The Conservation

One of the most exciting aspects of Gates of the Lord: The Tradition of Krishna Paintings is the tremendous number of artworks coming to the United States for the first time—the majority from the Amit Ambalal and TAPI collections, both located in Gujarat, in Western India. While the opportunity for our members and visitors to see these faraway treasures in our galleries is unprecedented, the distance between Chicago and Gujarat presented a logistical challenge for conservation treatment, matting, and framing. The solution was to send two Art Institute conservators and a framer to India to prepare the works for the exhibition—an experience that proved unforgettable for all involved.

Last fall, assistant paper conservator Rachel Freeman was the first to travel to Gujarat, working mostly with the Amit Ambalal collection in Ahmedabad in a traditional wooden haveli, a gorgeous building designed to house this remarkable pichvai, or painted textile, collection. After assessing treatment possibilities for these paintings on cotton in the fall, Freeman returned to pursue more complex conservation in January, accompanied by Daniela Leonard, Andrew W. Mellon Fellow in Paintings Conservation. “Mr. Ambalal wanted us to understand what we were working on, so he took us to a temple in the historic center of Ahmedabad,” said Freeman. “We were able to watch one of the eight daily darshans, a ritual of reverence for Shrinathji. It was like seeing a painting come to life.”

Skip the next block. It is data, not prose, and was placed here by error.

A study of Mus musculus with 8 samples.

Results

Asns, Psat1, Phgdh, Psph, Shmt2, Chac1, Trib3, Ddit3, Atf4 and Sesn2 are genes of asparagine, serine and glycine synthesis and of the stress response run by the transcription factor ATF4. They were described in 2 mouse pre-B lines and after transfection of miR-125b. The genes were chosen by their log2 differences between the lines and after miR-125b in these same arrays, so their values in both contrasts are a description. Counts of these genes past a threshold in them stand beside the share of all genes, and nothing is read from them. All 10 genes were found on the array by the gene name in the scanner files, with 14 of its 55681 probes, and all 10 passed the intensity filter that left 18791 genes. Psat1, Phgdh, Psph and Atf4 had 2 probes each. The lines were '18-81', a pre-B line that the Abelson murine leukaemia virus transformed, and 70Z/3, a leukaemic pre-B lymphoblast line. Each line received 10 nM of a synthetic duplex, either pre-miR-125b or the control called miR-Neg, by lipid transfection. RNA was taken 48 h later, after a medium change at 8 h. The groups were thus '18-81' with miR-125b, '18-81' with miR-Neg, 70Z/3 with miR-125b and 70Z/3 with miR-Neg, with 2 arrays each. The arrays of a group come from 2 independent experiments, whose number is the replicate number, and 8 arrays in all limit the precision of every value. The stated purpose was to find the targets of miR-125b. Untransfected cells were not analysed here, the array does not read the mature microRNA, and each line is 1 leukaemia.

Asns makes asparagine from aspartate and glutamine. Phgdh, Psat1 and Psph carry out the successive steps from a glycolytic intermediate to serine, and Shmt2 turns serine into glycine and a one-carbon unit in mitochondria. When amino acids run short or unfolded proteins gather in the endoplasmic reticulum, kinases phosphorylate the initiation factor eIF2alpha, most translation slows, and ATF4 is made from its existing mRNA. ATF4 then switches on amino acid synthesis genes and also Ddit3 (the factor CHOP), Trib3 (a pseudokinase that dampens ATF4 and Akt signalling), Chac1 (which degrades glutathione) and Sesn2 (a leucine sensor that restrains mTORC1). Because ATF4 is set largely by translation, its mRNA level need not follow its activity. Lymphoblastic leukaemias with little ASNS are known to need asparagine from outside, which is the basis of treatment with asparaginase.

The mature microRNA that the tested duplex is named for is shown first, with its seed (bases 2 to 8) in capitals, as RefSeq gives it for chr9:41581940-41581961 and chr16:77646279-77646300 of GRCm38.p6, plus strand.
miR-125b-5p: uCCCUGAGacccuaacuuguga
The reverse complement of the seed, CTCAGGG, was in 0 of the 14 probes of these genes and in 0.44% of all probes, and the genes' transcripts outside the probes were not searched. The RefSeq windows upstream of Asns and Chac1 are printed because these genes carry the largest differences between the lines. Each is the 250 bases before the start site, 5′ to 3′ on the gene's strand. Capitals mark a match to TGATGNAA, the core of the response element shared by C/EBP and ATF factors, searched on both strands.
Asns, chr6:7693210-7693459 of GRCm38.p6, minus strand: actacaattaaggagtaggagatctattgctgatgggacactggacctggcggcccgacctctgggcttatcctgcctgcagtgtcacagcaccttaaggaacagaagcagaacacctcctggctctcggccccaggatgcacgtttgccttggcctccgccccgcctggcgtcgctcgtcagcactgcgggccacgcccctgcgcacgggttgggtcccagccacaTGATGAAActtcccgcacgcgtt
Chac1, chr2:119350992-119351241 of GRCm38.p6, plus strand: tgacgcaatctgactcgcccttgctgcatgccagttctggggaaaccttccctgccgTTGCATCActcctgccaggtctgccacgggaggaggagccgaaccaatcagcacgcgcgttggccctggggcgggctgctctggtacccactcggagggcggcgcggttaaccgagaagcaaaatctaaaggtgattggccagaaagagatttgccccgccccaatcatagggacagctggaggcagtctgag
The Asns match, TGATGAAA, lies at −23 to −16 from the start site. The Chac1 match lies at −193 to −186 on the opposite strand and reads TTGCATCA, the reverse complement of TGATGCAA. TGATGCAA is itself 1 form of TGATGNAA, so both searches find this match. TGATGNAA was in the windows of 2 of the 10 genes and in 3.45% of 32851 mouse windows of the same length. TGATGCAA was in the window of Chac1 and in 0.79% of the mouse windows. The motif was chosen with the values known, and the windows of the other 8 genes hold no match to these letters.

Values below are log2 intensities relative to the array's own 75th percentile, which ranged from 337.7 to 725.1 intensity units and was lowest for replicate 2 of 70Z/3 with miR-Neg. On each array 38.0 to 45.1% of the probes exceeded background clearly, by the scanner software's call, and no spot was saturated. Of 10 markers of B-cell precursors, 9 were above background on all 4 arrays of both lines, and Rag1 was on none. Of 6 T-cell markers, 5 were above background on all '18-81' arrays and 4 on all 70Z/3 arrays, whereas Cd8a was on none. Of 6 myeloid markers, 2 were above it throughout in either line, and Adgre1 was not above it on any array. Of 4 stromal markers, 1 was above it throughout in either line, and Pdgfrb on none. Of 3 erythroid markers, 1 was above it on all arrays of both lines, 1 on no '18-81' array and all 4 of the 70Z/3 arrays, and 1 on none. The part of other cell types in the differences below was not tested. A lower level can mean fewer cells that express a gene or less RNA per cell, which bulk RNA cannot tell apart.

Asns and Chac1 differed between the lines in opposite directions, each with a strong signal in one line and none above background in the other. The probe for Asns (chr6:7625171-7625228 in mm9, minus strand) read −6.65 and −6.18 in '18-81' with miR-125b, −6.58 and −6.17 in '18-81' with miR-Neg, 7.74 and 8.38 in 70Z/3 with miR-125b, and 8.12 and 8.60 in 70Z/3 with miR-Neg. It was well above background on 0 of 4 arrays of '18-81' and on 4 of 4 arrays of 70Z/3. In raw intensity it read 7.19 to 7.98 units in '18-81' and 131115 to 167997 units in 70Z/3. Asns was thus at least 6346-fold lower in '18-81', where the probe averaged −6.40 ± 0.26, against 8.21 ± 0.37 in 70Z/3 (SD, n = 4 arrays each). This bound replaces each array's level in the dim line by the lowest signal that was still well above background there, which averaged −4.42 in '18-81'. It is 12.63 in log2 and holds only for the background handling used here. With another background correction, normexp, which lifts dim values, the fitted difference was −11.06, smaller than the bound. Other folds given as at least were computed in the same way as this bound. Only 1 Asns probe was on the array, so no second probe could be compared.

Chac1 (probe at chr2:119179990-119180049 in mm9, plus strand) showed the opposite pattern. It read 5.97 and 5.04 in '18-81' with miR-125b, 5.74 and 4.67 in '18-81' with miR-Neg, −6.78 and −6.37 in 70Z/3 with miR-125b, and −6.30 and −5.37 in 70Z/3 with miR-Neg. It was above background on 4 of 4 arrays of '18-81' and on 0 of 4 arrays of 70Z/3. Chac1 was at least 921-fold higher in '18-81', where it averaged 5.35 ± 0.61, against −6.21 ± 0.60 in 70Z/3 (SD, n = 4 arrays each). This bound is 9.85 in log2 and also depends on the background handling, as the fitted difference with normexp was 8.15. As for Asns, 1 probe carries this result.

Freeman also treated works from the TAPI collection in Surat, a collection predominantly of textiles and contemporary art. While staff members skilled at hand-sewing prepared the textiles being loaned for Gates of the Lord, Freeman’s expertise was required to treat two of the three works on paper. One of these was a painting with tiny colored stones, beetle wings, and miniature pearls, some of which had to be reattached with a special glue prepared on site. Freeman also taught the TAPI staff mending techniques for a sketchbook of animal studies by Ghasiram, one of Nathdwara’s most innovative artists of the late 19th and early 20th centuries. “The sketchbook pages are on poor-quality wood-pulp paper, so they tear very easily” notes Freeman. “Fortunately paper conservators see this type of paper often, so it was easy to find a suitable mending tissue. The TAPI staff has good hand skills, and they were fast learners.”

The exchange of institutional expertise continues as the Art Institute of Chicago welcomes TAPI technicians during the installation period. “Arvind Shelar and Vijay Patel are mounting and installing the large TAPI pichvais,” says Freeman. “We are very lucky that they could be spared to do this necessary but delicate work. I hope their experience at the Art Institute is as eye-opening for them as the months I spent in India were for me.”


Assistant paper conservator Rachel Freeman at work in the Kamal Chowk, or haveli, at the Amit Ambalal collection, checking for separation of paper layers in the early 19th-century A Maharaja Venerating Shrinathji.